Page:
If the dreaded flu breaks out in your house, there is a natural home remedy growing all over the desert. You’ll find it in botanical reference books between cypress and pines, but this scrubby native of our desert foothills is nothing like those big coniferous trees. Yet it is a conifer nonetheless, which gives Ephedra californica and its closely related species a unique place in the natural world. Also known as joint fir, this plant’s foliage is easy to spot due to its long, segmented needle-like leaves.
Our native Ephedra is related to, but not the same as Ephedra sinica, the Chinese native known as ma-huang, a stimulant antihistamine used there for centuries. California ephedra lacks the stimulant ephedrin, so it is not part of the pharmacopeia. However, it was in the Cahuilla materia medica, prepared as a medicinal tea. Barrows, a turn of the century
ethnobotanist claims bundles of this stuff were “almost universally found tucked away among the thatching of every jacal, or packed away in basket and olla.” He also notes that the plant was harvested in the late summer and fall when considered the most potent.
This may indicate there are other components in this plant with antihistamine qualities that have yet to be discovered. According to one source, it’s prepared by boiling fresh or dried twigs in water until a “wine-colored” brew was achieved. However, among early tribal interviews it was never used long term, suggesting a potential for side effects when consumed in large quantities.
Another use for our ephedra was as a treatment for venereal diseases, and was named early on as Ephedra antisyphilitica. Other common names, teamster’s tea and Mormon tea, suggest this plant was in widespread use among settlers too. Ephedra tea was served in brothels throughout the west. One source claims its common name was the result of a frequent visitor to one house of ill repute named John Mormon, while other groups claim it was popular among Mormon settlers who did not drink caffeinated drinks.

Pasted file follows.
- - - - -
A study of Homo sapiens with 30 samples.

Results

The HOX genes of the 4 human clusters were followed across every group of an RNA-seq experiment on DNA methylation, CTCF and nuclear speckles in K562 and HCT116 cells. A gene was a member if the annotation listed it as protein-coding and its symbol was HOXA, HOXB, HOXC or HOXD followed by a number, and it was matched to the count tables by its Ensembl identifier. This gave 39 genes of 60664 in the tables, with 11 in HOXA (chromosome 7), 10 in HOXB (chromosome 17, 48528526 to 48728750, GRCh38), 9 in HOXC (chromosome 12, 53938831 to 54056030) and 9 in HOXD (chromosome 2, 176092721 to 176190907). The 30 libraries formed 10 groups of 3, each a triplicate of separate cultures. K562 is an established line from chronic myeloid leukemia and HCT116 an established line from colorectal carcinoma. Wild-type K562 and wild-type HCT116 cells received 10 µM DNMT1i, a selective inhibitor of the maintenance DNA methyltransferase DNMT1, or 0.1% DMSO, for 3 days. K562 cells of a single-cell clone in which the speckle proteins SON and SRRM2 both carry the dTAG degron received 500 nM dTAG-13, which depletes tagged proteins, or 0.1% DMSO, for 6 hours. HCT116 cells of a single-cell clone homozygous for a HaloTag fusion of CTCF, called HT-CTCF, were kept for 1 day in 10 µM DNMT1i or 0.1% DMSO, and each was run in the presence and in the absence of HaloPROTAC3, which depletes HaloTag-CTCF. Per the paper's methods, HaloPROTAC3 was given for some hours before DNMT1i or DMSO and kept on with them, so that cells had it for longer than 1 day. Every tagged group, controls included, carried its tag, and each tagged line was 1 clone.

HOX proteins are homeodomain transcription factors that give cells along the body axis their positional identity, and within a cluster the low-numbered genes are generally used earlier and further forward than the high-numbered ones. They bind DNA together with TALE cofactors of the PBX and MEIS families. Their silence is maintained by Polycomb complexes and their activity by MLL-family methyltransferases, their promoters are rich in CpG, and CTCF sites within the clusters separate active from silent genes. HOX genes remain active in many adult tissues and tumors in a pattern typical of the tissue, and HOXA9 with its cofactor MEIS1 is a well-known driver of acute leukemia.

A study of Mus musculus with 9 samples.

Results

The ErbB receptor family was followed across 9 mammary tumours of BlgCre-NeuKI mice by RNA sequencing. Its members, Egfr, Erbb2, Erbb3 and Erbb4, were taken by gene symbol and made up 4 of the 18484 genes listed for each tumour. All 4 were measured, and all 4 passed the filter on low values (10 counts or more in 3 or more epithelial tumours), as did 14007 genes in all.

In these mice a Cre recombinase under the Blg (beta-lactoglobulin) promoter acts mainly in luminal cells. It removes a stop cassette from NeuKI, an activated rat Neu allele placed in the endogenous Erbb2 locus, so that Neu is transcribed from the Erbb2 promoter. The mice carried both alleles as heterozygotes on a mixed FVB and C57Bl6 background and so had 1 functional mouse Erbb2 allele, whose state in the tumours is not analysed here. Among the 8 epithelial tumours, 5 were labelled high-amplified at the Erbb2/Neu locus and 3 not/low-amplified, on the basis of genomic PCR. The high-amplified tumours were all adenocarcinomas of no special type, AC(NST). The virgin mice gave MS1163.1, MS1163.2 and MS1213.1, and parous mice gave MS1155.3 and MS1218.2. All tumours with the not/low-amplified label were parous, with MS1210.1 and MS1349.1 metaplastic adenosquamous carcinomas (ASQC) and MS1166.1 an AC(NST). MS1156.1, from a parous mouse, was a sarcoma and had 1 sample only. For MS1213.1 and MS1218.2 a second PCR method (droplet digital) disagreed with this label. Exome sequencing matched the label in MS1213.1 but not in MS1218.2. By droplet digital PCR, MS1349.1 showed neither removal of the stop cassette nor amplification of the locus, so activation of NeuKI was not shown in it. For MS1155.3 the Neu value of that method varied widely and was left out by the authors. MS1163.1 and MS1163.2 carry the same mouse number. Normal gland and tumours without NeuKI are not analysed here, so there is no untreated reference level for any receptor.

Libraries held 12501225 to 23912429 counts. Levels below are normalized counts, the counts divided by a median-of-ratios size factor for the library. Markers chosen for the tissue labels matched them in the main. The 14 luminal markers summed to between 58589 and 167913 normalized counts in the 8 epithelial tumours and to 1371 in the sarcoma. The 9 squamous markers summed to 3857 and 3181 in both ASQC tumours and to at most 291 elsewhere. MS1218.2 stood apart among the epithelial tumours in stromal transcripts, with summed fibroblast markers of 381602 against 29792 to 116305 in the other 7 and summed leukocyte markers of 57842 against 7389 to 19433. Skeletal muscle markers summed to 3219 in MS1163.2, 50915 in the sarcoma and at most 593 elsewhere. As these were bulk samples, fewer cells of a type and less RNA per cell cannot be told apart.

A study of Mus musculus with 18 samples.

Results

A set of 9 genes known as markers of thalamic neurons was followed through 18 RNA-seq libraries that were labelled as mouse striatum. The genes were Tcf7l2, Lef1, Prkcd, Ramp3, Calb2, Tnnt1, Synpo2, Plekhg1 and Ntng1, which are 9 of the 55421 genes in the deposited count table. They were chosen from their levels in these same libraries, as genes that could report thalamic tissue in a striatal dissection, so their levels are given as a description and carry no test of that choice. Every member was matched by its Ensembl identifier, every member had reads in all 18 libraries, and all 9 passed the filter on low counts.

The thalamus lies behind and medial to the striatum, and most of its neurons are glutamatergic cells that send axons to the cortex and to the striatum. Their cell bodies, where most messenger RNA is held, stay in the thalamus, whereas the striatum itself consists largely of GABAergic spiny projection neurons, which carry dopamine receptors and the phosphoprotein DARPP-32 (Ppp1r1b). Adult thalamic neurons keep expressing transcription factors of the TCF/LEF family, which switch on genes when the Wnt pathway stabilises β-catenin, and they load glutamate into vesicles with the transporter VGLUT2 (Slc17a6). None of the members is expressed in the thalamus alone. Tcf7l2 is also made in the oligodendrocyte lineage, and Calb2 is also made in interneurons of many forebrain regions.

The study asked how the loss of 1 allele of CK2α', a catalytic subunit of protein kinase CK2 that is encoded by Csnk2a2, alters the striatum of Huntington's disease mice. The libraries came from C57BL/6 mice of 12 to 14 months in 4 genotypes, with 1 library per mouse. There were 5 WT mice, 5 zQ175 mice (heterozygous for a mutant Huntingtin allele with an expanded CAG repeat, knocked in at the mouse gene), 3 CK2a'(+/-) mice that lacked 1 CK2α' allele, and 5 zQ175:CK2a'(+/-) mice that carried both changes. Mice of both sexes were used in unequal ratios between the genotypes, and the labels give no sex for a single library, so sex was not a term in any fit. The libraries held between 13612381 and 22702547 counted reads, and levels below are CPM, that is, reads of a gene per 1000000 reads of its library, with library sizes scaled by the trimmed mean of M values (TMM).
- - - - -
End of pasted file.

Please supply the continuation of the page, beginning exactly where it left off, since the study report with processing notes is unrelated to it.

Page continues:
Local ephedra plants have just begun the process of blooming. Remember, this is a true gymnosperm so its flowers are tiny cones. It is diecious, a Latin name for “two houses”, meaning that ovary and pollen are carried on different plants. On hikes early in the year you’ll notice the difference between male and female plants with very different looking reproductive structures.
Often ephedra is the only evergreen plant to make it through the dry season without defoliating. This makes it a great choice for larger desert landscapes that are looking for shrubs that bear unique, fine textured foliage that won’t wither with extremes of heat or cold. The stems grow very thick and gnarled, and over time they may resemble an aged grapevine. When creatively pruned to reveal the most twisted parts of trunk and branches via “windows” through the foliage, you’ll better appreciate its growth habit.
The fine textured appearance of the foliage makes a great contrast against the large masses of cactus and agaves. They are natural companions in the wild with the Echinocereus, barrel cactus, cholla, desert agave, yucca and indigo bushes.
All share similar water and exposure requirements so they can be grouped separately from more water demanding plants.
In the wild ephedra is most often found on sloping rocky ground. They love alluvial fans with lots of sand and river rock. In the Indian Canyons it grows high above on waterless cliff faces where roots reach deep into moisture holding fishers. This underscores the drought tolerance of this rugged species.
No native medicinal garden would be complete without Ephedra californica or E. nevadensis. This keeps tea close at hand for treating colds with a fresh cut brew sweetened with honey, a known antibiotic. But don’t expect it to taste good as is, because what the Cahuilla considered “refreshing” is quite astringent to us.
Above all, when using this or any other plant related medicine, consume in moderate amounts. The top medical website, WebMD, warns not take prescription medications when drinking ephedra tea. They recommend waiting at least an hour after taking medication to have your tea. For those with allergies, be particularly careful with that first cup.
In flu years like this one, you can spend a lot of money on cures, but for those wishing to keep it more natural, or when financially challenged, try the Cahuilla method first. There is a good reason for stashing clippings in their homes for future use, and where wild plants are abundant, we can, too.